Detroit City Council approves recreational marijuana ordinance
Detroit City Council has approved a new ordinance that will allow recreational marijuana use in the city. Michigan Radio’s Briana Rice has more.
Detroit currently has medical marijuana facilities within city limits, but no recreational businesses after a judge halted a previous recreational marijuana ordinance.
City Council voted 8-1 to approve the ordinance on Tuesday. Councilmember Mary Waters voted against it.
Detroit officials say it may take up to 100 days to set up the program that will review the adult-use marijuana license applications.
City Council President Mary Sheffield said she supported the ordinance because voters overwhelmingly wanted to legalize marijuana in Detroit.
"It also means the opportunity, as was stated earlier, to create generational wealth, jobs and revenue for Detroiters. Opportunity for our residents to purchase and also consume safe and regulated cannabis products within our city limits," Sheffield said.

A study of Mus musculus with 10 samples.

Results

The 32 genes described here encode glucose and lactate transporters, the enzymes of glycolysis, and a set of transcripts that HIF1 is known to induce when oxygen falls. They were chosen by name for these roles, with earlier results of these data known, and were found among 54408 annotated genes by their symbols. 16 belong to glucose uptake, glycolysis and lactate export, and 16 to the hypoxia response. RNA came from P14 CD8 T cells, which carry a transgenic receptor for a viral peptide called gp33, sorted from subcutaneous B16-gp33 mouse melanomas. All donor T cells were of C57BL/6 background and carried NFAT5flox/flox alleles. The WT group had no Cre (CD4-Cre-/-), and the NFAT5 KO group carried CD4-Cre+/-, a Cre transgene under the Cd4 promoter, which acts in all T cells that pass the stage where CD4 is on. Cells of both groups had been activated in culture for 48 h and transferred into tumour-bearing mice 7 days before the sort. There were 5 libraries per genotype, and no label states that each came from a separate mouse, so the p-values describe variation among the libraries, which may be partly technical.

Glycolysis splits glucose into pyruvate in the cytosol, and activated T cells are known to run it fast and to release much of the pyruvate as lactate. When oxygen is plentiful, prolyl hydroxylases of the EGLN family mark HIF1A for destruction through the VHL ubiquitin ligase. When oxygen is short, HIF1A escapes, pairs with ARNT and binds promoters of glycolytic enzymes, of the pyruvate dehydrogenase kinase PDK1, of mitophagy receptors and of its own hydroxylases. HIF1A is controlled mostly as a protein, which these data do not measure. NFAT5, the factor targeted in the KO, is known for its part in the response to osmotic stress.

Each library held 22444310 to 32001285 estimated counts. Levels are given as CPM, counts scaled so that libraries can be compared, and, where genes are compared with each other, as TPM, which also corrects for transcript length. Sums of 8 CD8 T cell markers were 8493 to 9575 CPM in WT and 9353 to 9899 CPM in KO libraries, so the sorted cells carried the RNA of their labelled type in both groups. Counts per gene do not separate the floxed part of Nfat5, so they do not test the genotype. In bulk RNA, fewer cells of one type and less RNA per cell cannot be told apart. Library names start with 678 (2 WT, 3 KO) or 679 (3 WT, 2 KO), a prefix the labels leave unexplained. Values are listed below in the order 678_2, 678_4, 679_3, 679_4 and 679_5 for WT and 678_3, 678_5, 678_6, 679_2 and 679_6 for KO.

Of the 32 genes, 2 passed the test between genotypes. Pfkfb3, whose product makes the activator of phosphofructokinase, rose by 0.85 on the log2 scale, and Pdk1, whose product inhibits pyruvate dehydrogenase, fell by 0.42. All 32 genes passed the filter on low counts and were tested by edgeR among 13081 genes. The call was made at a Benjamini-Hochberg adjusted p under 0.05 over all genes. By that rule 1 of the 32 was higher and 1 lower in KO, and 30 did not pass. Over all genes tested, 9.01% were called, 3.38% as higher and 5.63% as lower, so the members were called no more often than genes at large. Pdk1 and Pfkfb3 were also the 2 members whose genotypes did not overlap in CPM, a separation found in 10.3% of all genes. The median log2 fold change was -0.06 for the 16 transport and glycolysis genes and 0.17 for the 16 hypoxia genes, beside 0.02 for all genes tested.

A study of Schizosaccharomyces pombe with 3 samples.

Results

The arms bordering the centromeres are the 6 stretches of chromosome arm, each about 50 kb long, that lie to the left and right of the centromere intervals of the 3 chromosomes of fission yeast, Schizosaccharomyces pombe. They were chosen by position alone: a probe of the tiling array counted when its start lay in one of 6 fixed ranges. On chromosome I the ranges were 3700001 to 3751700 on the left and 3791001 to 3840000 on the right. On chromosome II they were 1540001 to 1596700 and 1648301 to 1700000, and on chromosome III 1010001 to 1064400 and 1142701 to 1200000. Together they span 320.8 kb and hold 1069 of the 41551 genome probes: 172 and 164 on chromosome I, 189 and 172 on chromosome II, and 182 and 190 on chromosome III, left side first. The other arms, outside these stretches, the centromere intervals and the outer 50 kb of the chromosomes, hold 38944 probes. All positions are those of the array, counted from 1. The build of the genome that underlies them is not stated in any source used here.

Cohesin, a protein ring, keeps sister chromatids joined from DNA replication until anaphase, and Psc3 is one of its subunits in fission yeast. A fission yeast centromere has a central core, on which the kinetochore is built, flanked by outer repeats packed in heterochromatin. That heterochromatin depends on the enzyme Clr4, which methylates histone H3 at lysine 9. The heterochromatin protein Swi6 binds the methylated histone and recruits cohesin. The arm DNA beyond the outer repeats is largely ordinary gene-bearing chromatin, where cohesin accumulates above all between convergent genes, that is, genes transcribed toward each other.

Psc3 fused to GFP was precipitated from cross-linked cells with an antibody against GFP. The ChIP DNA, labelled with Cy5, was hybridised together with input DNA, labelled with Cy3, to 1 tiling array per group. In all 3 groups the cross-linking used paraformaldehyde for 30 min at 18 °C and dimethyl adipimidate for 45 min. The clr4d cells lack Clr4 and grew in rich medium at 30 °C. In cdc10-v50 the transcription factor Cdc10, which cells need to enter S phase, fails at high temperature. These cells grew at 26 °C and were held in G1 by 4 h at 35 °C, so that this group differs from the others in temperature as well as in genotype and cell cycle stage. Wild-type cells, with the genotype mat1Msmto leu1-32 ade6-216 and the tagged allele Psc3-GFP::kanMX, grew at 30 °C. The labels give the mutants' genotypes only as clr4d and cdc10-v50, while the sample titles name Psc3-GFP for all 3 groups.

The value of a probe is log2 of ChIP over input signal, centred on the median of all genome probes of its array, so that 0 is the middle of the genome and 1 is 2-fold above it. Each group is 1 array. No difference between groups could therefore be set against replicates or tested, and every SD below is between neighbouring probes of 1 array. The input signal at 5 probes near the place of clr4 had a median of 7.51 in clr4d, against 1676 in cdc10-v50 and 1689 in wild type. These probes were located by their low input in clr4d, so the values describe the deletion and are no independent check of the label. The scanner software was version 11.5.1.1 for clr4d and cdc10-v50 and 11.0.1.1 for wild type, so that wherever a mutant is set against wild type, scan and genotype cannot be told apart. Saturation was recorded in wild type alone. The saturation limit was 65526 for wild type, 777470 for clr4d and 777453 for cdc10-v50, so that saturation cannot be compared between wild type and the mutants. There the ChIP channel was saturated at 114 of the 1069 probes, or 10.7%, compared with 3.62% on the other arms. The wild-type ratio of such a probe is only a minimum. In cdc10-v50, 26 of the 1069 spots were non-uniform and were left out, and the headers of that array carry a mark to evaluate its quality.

100 total licenses will be given out - and half of those licenses will go to equity applicants. That includes Detroiters living in neighborhoods where marijuana convictions are higher than the state average.
The certifications will be spread out over three phases which will be spaced out three months apart.
Councilmember Coleman Young II said that the reason for the ordinance was not just for people to smoke marijuana and have fun.
"The reason why we did this was to provide equitable, sustainable justice to those who were disproportionately harmed," Young said.